The boy who cried urea.

Inputs | 26th June 2023 | By Andrew Whitelaw

The Snapshot

  • Fertilizer prices have moved back to levels not seen since early 2021.
  • The fertilizer market is driven by natural gas, and prices are moving downward as we approach summer in Europe.
  • There are rumours that Australia will run out of urea soon.
  • There have been rumours of supply shortages every year since 2016, which have generally not occurred.
  • There may be a shortage of urea, but the ‘boy who cried wolf’ story springs to mind. If you make this claim too many times, people will stop believing.
  • Farmers need to ensure that they are not gambling on their production, but more transparent information on the fertilizer industry would assist in reducing risk, potentially for buyer and seller.

The Detail

We have been getting many questions lately about fertilizer availability. There are concerns that there will not be enough urea around to meet demand “Get in quick, before we run out!!”. We’ll get into that later in the article, but let’s look at what is happening in the market.

As anyone who reads our articles will know, a lot of agricultural markets have a very close linkage with energy markets. This is especially true when it comes to urea. Natural gas is the main feedstock for the production of urea.

It, therefore, makes sense that the price of urea tends to follow that of natural gas. We can see that in the chart below.

The gas price last year was abnormally high due to the war in Ukraine. The bulk of European natural gas used to come through pipelines from Russia. This caused a huge increase in gas prices as there was a huge degree of uncertainty.

Natural gas follows a seasonal pattern. The chart below shows the seasonality of natural gas prices. The natural gas price tends to have a strong seasonal pattern. In this chart, I removed last year because the enormity of the movement in price changes the seasonal pattern, and this movement could be considered a black swan event.

It is the weather that typically drives natural gas prices. As Europe moves into winter, the demand rises for gas for heating. As we move into European summer, this demand drops.

Gas prices remain elevated but are moving back to more normal levels.

At EP3, we were the first to provide a cost and freight+ model for urea into Australia. We decided to produce this in order to give an insight into the trends of urea pricing at a basic Australian spot price.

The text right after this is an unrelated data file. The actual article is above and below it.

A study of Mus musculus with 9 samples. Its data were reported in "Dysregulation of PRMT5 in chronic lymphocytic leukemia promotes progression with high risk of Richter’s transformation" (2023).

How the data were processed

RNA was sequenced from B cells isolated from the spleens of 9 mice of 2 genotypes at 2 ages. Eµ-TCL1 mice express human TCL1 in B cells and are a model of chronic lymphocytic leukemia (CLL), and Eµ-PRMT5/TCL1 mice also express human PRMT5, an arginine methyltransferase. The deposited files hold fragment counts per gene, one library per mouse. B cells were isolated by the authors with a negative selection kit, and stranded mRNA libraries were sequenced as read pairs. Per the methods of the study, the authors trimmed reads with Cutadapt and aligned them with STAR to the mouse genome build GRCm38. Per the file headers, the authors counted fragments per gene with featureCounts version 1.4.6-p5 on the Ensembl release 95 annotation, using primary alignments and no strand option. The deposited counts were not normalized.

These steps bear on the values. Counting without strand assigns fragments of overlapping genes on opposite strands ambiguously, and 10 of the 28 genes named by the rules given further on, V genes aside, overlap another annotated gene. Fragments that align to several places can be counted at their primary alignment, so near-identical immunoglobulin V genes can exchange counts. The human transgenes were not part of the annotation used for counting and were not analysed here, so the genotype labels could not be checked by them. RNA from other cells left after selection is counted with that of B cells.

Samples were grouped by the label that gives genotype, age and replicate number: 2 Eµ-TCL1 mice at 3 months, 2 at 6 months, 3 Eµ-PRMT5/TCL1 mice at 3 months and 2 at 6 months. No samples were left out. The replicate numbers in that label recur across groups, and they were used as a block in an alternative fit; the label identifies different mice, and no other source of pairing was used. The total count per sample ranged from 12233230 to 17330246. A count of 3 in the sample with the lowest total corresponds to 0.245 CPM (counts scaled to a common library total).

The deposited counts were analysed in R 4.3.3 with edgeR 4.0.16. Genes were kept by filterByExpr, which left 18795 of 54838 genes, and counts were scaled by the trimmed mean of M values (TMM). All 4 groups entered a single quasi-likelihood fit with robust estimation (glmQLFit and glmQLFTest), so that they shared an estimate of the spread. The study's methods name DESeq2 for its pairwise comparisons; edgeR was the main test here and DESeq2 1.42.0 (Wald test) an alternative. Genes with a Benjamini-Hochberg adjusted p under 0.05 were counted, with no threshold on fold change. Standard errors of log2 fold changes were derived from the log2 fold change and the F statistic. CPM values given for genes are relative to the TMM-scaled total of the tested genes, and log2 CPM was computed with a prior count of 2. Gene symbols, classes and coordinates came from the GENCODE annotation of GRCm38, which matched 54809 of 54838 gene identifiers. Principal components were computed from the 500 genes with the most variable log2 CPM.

This was in place of any transparent pricing available to the marketplace. We can see now that fertilizer prices landed in Australia have fallen to their lowest levels since January 2021. At these levels, we don’t foresee significant further falls.

It is important to note that these prices are the average costs for a month for replacing urea. It is the cost of the purchase in the middle east, plus freight and discharge. There are other costs that this does not take into account and is solely there as a guide for the pricing trend.


We are hearing that farmers are being told to “buy it now before it’s gone”.

The chart below shows the seasonality of our urea imports into Australia. It makes sense, but the bulk of imports occur during the middle of the year, mostly in May-July. This is around the period of peak demand.

The import data is delayed, but until the end of April, fertilizer imports had been strong and ahead of the average for the longer term.

This can be seen below in the chart, which shows the cumulative urea imports for this year versus the five-year average. So up until April, we were ahead of the curve on imports. Does this mean we will run out of urea?

The demand for urea this year was looking to be constrained in Australia as dry conditions were expected to prevail. In many parts, there has been an uptick in demand due to better-than-expected moisture.

I have been covering fertilizer markets in Australia since 2016. In each year, I have received calls from those within the fertilizer trade. In each of these years, I have been told that fertilizer will be short and that farmers need to buy regardless of price.

In each of those years, I don’t recall much if any, shortage occurring (but I’m open to being corrected).

I told a supplier last year you have to be careful about making these comments because you make them every year. One year, the market will actually be short, and no one will believe you, “Yeah yeah, we’ve all heard this story before”. We need to all remember the boy who cried wolf story.

Will urea run short in the coming months? Who knows? You’ll just have to make your own decision.

None of the fertilizer companies want to be holding expensive stock when new cargoes come in. We’ll see in a couple of months whether the shortage transpires or not.